Introduction: PCB Etching Solution - Cupric Chloride

About: I enjoy hiking and plant foraging... but most of time I do chores!


According to The Real Elliot's instructable titled Stop using Ferric Chloride etchant! (A better etching solution.), cupric chloride + hydrochloric acid is an excellent PCB (printed circuit board) etching solution. According to Adam Seychell's Etching with
Air Regenerated Acid Cupric Chloride
, more copper(II) ions enhance etching speed. The purpose of this instructable is to show how to prepare an etching solution with lots of copper(II) ions so that etching can proceed quickly starting with the first board etched.


A solution with copper(II) chloride will be made by electrochemically creating copper powder, oxidizing it into copper(II) oxide, reacting it with hydrochloric acid, and finally converting it into copper(II) chloride with hydrogen peroxide. This is a much faster way of making copper(II) oxide than letting copper metal corrode in hydrochloric acid.

Step 1: Cut & Soften Electrodes

1. Cut a square from scrap copper tubing, approximately 2.5" x 3.0" inches.
2. Unfold the square as best as possible, don't try to make it perfect yet.
3. Put the copper on a hot plate to oxidize and soften the copper.
4. When it turns black (oxidizes) turn the hot plate off and wait for the piece to cool.

Step 2: Pour Acid & Clean Copper

1. Pour about 11 oz. muriatic acid (25% hydrochloric acid) into a glass jar, its color should be clear.
2. Carefully place the cooled piece of oxizided copper into the jar, it will change the acid a yellow-green color.
3. Place the copper into a bowl of water to clean it, set the acid aside.

Step 3: Flatten, Cut, and Drill Copper

1. Since the copper is softer, flatten it with pliers.
2. Cut the copper into two electrodes, approximately 2.5" x 1" and 2.5" x 2".
3. Drill a hole into the top of each electrode.
4. Place leftover scraps aside.

Step 4: Select Electrolysis Source

Select either a resistor limited voltage source or a voltage limited current source for electrolysis. Below is an overview of both options:

1. Resistor Limited Voltage Source - Step 5:


This is a DC voltage source with a resistor in series to limit the current.

Pro: Simple, cheap, and easy to build.
Con: Lots of power loss. The resistor dissipates V*V/R watts electrodes have apprixmately 0.5 - 1.0 V drop.

2. Voltage Limited Current Source - Step 6:


This is a DC current source using switching techniques.

Pros: Higher efficiency. Preferred for electrochemistry.
Cons: Higher circuit cost and complexity.

Step 5: Resistor Limited Voltage Source

1. Get a suitable DC adapter greater than 1V 1A (ex. 12V).
2. Resistor Value = DC Voltage / Current Limit (ex. 12V / 0.5A = 24Ω).
3. Resistor Power = 2 * DC Voltage * Current Limit (ex. 2 * 12V * 0.5A = 12W).

Step 6: Voltage Limited Current Source

Attached as PDF file is my design for a switch-mode current source constructed out of general purpose parts. The most specialized part is the inductor, which is 560mH and saturates at 1.5A. It's variable from around 0.150 to 1.100 A. The large inductor value is chosen to minimize ripple. The switching frequency is around 100kHz. The link provides a schematic. All components were purchased on Mouser. The substrate (FR4 PCB) was purchased on E-bay. Soldering took a LONG time since traces had to be routed individually.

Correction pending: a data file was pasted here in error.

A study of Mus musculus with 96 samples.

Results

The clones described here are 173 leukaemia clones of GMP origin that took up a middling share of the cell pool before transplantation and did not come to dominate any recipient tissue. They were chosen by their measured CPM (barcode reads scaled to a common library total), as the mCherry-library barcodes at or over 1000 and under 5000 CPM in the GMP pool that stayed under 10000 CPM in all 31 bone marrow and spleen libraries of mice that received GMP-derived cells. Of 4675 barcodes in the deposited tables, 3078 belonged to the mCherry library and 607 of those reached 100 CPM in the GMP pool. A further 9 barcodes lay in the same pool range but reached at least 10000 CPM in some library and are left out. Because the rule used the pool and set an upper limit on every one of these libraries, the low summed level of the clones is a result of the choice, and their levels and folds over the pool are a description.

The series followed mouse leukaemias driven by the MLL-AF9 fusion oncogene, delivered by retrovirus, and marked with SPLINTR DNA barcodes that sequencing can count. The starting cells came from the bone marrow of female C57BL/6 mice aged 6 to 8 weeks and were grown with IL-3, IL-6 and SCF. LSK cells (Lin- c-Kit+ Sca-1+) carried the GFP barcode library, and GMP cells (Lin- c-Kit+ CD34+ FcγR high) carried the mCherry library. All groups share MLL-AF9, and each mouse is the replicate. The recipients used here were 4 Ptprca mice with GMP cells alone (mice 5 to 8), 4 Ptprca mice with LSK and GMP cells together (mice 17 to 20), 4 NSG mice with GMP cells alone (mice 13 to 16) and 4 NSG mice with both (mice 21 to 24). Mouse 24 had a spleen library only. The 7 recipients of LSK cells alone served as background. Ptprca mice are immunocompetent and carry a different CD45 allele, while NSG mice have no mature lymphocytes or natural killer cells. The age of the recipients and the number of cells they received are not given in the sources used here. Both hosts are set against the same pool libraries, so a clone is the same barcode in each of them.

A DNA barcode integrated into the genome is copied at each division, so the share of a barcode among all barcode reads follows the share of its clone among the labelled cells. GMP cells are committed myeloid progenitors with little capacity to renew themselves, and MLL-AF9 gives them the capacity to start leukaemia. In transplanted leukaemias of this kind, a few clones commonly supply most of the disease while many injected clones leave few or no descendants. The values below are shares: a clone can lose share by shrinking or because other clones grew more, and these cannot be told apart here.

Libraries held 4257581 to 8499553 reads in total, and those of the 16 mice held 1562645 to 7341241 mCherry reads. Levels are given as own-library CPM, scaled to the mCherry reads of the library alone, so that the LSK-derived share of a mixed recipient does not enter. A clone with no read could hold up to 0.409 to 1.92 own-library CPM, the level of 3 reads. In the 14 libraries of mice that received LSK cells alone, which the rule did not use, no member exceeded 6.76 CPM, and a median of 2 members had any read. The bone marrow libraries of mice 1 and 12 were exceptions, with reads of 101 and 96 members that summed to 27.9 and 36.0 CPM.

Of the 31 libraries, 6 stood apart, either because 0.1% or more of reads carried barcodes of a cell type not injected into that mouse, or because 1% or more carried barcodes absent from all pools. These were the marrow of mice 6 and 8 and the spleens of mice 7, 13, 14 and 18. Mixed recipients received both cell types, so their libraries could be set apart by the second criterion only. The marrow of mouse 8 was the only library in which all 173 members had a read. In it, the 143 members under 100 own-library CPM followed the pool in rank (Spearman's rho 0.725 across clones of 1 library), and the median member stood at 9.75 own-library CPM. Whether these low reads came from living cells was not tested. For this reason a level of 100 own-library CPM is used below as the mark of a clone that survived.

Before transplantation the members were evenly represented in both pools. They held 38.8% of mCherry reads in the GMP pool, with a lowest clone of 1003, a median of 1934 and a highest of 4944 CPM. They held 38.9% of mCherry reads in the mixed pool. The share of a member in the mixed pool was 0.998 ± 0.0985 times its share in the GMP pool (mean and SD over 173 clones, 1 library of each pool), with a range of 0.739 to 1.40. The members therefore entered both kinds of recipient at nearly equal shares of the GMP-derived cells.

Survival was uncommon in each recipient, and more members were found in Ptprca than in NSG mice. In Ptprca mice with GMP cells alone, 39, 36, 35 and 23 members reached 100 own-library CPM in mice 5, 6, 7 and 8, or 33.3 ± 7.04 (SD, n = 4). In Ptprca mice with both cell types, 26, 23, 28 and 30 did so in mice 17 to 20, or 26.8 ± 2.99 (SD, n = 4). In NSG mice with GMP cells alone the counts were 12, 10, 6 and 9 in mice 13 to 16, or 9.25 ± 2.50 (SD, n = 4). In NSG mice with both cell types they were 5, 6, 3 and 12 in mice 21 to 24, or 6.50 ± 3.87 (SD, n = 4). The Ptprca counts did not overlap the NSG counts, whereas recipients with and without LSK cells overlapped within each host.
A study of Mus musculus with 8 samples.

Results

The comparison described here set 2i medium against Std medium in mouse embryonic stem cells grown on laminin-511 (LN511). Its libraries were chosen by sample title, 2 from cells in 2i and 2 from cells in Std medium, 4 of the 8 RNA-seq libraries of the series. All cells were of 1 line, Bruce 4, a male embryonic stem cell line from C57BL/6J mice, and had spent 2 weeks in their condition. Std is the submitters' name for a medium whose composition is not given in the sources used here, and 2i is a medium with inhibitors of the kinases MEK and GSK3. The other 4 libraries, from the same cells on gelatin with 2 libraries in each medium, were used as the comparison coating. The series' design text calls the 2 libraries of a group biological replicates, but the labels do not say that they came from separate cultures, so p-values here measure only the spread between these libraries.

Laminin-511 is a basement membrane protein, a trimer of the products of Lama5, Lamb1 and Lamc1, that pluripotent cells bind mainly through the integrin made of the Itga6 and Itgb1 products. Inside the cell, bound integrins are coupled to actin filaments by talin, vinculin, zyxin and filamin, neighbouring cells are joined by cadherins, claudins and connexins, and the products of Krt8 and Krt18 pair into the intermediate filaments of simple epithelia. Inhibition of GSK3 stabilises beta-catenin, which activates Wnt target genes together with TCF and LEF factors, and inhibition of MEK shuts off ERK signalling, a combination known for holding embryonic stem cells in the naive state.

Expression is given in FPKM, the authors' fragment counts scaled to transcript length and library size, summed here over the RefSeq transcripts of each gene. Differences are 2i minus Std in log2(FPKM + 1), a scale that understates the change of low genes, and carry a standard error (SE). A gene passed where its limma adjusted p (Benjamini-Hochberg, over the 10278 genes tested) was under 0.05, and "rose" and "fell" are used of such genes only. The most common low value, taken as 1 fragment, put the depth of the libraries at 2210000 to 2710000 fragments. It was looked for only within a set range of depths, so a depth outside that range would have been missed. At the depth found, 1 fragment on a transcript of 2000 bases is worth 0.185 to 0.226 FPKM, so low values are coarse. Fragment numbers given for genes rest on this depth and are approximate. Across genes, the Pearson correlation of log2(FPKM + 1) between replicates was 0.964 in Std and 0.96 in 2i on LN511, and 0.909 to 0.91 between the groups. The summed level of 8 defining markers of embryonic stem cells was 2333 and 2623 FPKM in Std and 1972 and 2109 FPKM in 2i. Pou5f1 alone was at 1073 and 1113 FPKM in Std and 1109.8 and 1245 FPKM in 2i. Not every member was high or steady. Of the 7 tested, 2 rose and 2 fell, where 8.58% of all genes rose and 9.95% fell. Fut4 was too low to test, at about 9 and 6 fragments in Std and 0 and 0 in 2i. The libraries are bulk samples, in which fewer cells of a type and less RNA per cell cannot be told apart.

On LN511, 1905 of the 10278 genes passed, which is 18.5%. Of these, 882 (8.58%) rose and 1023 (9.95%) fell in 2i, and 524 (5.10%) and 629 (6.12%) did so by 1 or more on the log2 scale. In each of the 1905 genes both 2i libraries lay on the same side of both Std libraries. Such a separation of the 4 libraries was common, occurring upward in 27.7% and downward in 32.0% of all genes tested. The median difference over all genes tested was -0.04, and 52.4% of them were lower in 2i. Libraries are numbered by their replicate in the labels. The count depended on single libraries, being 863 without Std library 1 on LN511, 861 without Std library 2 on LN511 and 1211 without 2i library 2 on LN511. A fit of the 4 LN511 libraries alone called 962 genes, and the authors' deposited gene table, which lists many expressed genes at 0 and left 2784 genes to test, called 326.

Step 7: Wiring the Electrodes

1. The smaller, corroding electrode goes through a red wire to the positive (+) terminal of the power source.
2. The larger, accumulating electrode goes through a white wire to the negative (-) terminal of the power source.
3. Immerse the electrodes into the muriatic acid used for cleaning as pictured.
4. Add hydrogen peroxide (3% pharmacy type) to the muriatic acid, turning it green.

Optional Steps:

5. Add scrap copper to the muriatic acid.
6. Block the jar top with a wad of dry paper towels to minimize acid release due to electrode bubbling.

Step 8: Copper Powder Formation

At regular intervals of 1 hour:

1. Clear off the accumulaled copper electrode by shaking it.
2. If the negative electrode corrodes too much, switch electrode polarities.

You can terminate the reaction at any time you want. I decided to run it for about 4-5 hours. Pictured are the electrodes during and after use.

Step 9: Separate & Wash

1. Pour the used electrolyte into a separate container (the drinking glass as pictured - DO NOT DRINK OR TELL WIFE).
2. Wash the remnants with water (the jar as pictured).
3. Add 1/2 tsp. of hydrogen peroxide to the used electrolyte, changing its color (do NOT stir with a metal spoon - use plastic).
4. Allow 30 minutes to settle.

Step 10: Oxidize Copper Powder & Scrap

1. Dispose of the water used to wash the copper powder & scrap mixture.
2. Place copper powder & scrap mixture onto the larger electrode plate.
3. Place electrodes & scrap onto the hot plate.
4. Oxidize the electrodes & pile with heat until blackening.
5. Allow everything to cool.

Step 11: Finalize Mixture

1.Recombine the electrolyte and oxidized copper, the solution will turn dark green-black.

In 15 minute increments:

1. Add 1/2 tsp. fulls of hydrogen peroxide (3% - general purpose type).
2. Stir the mixture with a plastic utensile (straw).

When the mixture is light green:

1. Filter it.
2. Store it.

In use, the mixture will become dark-black, recharge it by adding hydrogen peroxide.